When we started explaining the idea that would become Darvaza Teas, the immediate comment was about getting a fair trade certification. Of course, we looked into it.
After drinking many litres of tea during countless hours spent studying the fair trade certification, we decided that we would not apply for one.
We are certain to do the right thing, but we also understand that taking this decision while creating an ethical business requires some explaining. So here is the explaining.
Put it simply, we have three arguments: the quality, and the fact that the Fairtrade system is about both too little and too much money.
Too little money
The Fairtrade system exists to ensure a guaranteed minimum revenue to the producers of (mainly) developing countries. To do so, it establishes a “Fairtrade minimum price” and a “Fairtrade premium”. The first one is the minimum price that producers should receive when selling their products. The second one is a “top-up” to the purchase price, also paid to the producer, to help their business, or the local community, invest in their own development.
The idea is that if the market price is higher than the Fairtrade minimum price, then the producers should (but are not guaranteed to) receive the market price. If the market price is lower, then they are guaranteed to receive the Fairtrade minimum price.
For conventional (non-organic) Indian tea, the Fairtrade minimum price is set between 2 and 2.2 USD/kg. That is between £1.54 and £1.70 for each kilo of tea (at the time of writing). The Fairtrade premium is set at 0.5 USD/kg, which is £0.39. All together, that means that a kilo of tea should cost between £1.93 and £2.09.
This is supposed to cover the total production costs of a producer, whether it is a small producer, a business, etc. In other words, this includes running their operations, plucking the tea, processing it, paying the salaries, etc. Even taking into account the lower cost of life in a country such as India, this is very little money.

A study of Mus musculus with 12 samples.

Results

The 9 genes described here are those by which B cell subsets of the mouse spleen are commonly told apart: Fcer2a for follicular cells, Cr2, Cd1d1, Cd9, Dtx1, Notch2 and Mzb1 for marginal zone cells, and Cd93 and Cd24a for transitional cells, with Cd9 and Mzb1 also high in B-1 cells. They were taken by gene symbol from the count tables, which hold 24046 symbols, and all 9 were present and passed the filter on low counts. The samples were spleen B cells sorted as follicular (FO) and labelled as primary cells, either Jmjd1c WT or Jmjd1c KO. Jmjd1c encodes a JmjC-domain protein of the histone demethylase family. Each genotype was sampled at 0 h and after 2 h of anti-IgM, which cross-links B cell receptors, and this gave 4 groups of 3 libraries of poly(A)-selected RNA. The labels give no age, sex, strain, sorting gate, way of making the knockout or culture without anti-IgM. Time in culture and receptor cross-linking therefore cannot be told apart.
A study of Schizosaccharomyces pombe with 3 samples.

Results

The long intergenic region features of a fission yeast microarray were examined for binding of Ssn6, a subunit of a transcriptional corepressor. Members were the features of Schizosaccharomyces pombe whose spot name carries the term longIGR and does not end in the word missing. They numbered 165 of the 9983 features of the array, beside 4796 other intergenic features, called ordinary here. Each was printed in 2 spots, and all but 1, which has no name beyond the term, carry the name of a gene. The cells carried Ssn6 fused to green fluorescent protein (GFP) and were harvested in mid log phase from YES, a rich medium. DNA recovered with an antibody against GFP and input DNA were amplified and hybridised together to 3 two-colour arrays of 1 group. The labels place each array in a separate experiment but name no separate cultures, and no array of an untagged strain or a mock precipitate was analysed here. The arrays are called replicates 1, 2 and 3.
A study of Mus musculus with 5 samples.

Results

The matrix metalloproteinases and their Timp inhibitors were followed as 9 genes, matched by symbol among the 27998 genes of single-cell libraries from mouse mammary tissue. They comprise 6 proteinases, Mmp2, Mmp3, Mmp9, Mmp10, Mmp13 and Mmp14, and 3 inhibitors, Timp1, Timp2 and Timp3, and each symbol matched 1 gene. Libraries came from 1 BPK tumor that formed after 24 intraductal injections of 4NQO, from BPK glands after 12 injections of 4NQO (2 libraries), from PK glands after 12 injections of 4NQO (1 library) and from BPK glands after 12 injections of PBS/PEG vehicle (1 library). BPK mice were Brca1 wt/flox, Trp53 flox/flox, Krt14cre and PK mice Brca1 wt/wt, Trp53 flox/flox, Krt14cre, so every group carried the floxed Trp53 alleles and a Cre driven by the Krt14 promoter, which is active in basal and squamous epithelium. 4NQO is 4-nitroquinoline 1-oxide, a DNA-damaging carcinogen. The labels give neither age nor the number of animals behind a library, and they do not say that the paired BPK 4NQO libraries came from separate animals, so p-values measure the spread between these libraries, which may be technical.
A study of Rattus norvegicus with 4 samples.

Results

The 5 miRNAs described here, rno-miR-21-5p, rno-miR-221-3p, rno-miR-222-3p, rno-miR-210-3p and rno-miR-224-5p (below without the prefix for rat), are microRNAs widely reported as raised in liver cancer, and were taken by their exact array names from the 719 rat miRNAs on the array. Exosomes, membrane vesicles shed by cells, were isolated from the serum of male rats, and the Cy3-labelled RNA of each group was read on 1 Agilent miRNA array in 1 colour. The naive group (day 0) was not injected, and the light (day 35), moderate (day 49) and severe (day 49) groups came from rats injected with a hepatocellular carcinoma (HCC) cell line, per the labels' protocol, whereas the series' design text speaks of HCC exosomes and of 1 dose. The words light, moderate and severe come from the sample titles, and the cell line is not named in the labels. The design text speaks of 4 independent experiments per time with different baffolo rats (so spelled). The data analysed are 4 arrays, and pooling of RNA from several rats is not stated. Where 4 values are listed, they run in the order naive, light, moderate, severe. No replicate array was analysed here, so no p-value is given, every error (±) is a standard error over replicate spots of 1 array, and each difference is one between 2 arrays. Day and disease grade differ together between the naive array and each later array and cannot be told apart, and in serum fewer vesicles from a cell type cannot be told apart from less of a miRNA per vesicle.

This brings us to our own prices. At Darvaza Teas, we pay a minimum of £30/kg. A high quality tea isn’t made by magic in an instant. Beautiful, long leaves can remain full because they were processed with care, not by machines but with the help of machines. This takes time. This takes people. And both cost money.
We pay that price happily because it is the just cost of a work carried with care, expertise and professionalism.
Isn’t it what fair trade is about, after all, to pay the fair price for a good work?
Too much money
There is still another side of the Fairtrade system. A certification costs money. Every year. To the seller (like Darvaza Teas) as well as to the producer (like the Dharmsala Tea Company). And unfortunately, it doesn’t necessarily takes into account the difference in living costs in different countries, which makes it an expensive system to get into for any producer.
How much money are we talking about? For example, an Indian tea plantation employing between 50 and 100 people (for example) must pay around £2,700 the first year, and £2,500 the subsequent years. In a similar manner as the organic certification, this is an investment on their future that not all small producers can afford, and we don’t want to discriminate against them.
Some purchasing businesses choose to help with these costs, and that is a great thing to do. But in general they are big companies, while we are still a small one. If we were to do the same thing, our prices would increase by 20 to 30%.
Above all, we want a tea that is priced fairly to our producers and to our customers, and we believe that we achieve this balance by
- paying our partner in the tea plantation a just price, that reflects the real cost of production as well as the high quality of the tea, and
- limiting the retail price that you will pay.
Doing the right thing is a small common effort: it takes all of us to achieve the results that each of us dream about, like a fairer pricing for a fairer society.